Sitrick emerges as Premiere Radio's voice amid Limbaugh drug saga

NEW YORK: In the wake of Rush Limbaugh's admission to a painkiller addiction, crisis counselor Michael Sitrick has emerged as the chief spokes-person for Premiere Radio Network, the company that syndicates the conservative firebrand's show.

NEW YORK: In the wake of Rush Limbaugh's admission to a painkiller addiction, crisis counselor Michael Sitrick has emerged as the chief spokes-person for Premiere Radio Network, the company that syndicates the conservative firebrand's show.

Never far from controversy, Limbaugh is now the subject of a criminal investigation in Florida, according to published reports. This comes on the heels of Limbaugh's resignation from ESPN, where he was working as an in-studio football commentator, after he claimed that quarterback Donovan McNabb is overrated by the media because he's African American.

"What we're trying to do, within the confines of what the investigators and the lawyers have asked us to do, is get the information out, to fill the information void with fact," Sitrick said.

His firm, Sitrick & Company, which he says has had a relationship with Premiere for several years, is working with the company's internal PR team as it navigates the crisis.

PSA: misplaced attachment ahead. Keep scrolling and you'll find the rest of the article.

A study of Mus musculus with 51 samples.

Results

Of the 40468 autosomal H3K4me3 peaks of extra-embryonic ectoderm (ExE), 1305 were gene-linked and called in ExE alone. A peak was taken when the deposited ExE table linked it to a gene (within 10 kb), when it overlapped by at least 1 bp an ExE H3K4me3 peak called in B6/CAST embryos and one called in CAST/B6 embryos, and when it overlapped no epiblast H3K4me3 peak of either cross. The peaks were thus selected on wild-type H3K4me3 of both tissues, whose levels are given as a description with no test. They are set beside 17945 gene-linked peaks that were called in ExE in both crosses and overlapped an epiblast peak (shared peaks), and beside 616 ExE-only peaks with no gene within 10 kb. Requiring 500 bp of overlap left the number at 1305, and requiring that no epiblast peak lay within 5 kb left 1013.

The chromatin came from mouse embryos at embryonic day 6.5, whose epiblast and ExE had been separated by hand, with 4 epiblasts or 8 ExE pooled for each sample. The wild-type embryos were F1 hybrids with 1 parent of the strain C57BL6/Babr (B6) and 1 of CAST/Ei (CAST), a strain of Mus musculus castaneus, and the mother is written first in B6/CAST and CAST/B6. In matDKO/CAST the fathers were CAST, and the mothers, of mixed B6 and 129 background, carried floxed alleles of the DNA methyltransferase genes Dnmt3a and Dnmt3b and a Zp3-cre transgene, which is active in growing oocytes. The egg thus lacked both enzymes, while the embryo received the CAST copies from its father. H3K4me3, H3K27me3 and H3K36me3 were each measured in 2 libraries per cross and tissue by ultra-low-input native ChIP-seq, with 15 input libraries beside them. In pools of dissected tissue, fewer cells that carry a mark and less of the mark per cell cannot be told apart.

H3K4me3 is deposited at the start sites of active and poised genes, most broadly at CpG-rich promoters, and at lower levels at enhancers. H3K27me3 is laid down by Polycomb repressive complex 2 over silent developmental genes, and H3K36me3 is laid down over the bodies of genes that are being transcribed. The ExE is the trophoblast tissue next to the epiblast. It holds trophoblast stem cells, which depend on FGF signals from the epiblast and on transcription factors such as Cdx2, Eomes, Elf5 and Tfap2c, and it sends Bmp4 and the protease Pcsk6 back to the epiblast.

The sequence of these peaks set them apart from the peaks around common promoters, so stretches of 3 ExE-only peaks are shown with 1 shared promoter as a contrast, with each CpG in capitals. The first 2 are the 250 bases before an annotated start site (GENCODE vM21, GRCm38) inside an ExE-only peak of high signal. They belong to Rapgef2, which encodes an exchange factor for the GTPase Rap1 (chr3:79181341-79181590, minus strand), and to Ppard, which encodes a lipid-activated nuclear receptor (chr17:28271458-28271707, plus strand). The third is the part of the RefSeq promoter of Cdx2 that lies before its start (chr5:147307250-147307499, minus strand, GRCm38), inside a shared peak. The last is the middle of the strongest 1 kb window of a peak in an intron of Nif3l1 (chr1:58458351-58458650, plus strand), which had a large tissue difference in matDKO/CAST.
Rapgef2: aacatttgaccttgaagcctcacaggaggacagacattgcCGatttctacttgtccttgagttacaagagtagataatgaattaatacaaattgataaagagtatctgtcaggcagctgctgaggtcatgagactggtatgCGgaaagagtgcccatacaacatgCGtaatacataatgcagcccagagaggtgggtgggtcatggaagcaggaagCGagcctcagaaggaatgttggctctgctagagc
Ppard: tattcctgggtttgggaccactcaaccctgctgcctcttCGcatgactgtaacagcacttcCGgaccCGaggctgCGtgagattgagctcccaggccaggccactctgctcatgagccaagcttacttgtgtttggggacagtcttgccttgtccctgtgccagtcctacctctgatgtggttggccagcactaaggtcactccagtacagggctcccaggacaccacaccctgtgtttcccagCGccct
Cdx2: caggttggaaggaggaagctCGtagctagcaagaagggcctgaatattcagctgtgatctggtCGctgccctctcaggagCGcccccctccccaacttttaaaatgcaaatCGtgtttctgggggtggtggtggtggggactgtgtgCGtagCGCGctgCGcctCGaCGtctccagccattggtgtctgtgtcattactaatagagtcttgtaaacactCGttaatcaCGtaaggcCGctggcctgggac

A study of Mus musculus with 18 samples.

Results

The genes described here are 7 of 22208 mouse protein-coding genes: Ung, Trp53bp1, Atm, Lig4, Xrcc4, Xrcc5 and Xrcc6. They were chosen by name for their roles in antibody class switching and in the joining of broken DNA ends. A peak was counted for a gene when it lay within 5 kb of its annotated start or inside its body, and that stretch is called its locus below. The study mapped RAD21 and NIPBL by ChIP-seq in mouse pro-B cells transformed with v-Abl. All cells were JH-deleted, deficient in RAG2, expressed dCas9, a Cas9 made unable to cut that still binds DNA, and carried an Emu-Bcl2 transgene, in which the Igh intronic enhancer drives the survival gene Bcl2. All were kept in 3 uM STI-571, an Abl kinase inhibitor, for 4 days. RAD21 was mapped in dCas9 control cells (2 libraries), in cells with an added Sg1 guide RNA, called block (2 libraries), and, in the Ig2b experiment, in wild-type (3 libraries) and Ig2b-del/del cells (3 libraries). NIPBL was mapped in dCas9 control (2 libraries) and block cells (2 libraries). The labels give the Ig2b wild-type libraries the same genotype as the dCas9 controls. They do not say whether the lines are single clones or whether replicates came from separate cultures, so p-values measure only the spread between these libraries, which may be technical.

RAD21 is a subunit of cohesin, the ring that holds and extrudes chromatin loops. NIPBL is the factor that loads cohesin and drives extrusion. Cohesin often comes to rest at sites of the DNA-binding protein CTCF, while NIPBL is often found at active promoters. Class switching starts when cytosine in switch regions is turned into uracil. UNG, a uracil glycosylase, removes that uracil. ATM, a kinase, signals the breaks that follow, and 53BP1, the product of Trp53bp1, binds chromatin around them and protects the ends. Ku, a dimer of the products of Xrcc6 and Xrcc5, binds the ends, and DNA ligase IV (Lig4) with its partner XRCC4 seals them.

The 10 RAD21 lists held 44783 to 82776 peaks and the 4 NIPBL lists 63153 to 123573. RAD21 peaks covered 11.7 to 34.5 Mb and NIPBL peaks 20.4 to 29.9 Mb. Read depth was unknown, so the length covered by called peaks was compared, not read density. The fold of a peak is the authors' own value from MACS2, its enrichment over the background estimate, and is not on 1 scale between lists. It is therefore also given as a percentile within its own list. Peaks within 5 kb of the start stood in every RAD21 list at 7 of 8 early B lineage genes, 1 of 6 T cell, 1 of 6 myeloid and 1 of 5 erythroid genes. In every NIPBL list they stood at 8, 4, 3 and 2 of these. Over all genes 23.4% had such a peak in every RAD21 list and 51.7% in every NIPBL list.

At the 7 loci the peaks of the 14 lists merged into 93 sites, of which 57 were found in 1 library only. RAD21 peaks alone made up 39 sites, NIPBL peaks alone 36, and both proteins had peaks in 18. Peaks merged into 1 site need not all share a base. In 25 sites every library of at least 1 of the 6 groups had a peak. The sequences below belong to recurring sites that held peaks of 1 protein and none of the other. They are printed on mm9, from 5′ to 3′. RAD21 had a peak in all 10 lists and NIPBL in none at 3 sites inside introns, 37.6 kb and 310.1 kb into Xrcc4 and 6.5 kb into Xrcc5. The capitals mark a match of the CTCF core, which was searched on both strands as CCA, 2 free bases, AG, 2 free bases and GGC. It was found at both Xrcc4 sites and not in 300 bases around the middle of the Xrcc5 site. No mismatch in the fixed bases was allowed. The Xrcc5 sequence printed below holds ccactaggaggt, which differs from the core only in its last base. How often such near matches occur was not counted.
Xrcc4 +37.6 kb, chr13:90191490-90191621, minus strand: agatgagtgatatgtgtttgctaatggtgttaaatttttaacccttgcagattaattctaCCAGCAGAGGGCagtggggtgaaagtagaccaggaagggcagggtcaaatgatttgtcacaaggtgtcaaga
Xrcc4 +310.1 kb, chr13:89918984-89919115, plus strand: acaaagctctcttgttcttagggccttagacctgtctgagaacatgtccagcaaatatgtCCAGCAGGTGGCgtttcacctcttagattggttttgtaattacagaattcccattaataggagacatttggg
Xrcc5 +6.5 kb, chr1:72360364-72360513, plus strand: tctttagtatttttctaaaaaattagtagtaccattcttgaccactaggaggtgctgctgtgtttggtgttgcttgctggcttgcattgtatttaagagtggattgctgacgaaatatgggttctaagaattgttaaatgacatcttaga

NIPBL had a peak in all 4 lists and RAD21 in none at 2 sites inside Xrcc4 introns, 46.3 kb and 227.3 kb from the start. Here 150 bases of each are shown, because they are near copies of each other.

Sitrick is known for his sometimes hardball PR tactics, as well as for taking on clients in the midst of controversy. For instance, The Catholic Archdiocese of Los Angeles tapped his firm last year during its bout with alleged sexual-abuse allegations involving priests.

Sitrick declined to give further detail on the nature of his counsel to Premiere. However, judging by press reports, one of the challenges before the company is deflecting skepticism that Limbaugh announced his drug problem and checked himself into a rehabilitation facility in order to short-circuit the story. There has also been rampant speculation about what this will do a career that has been built on support for a broad range of conservative causes, including a hard-line position on drug users.

According to a written statement issued after The National Enquirer reported that he regularly bought Oxycontin through his maid, Limbaugh developed an addiction to pain pills after a spinal surgery performed in the 1990s.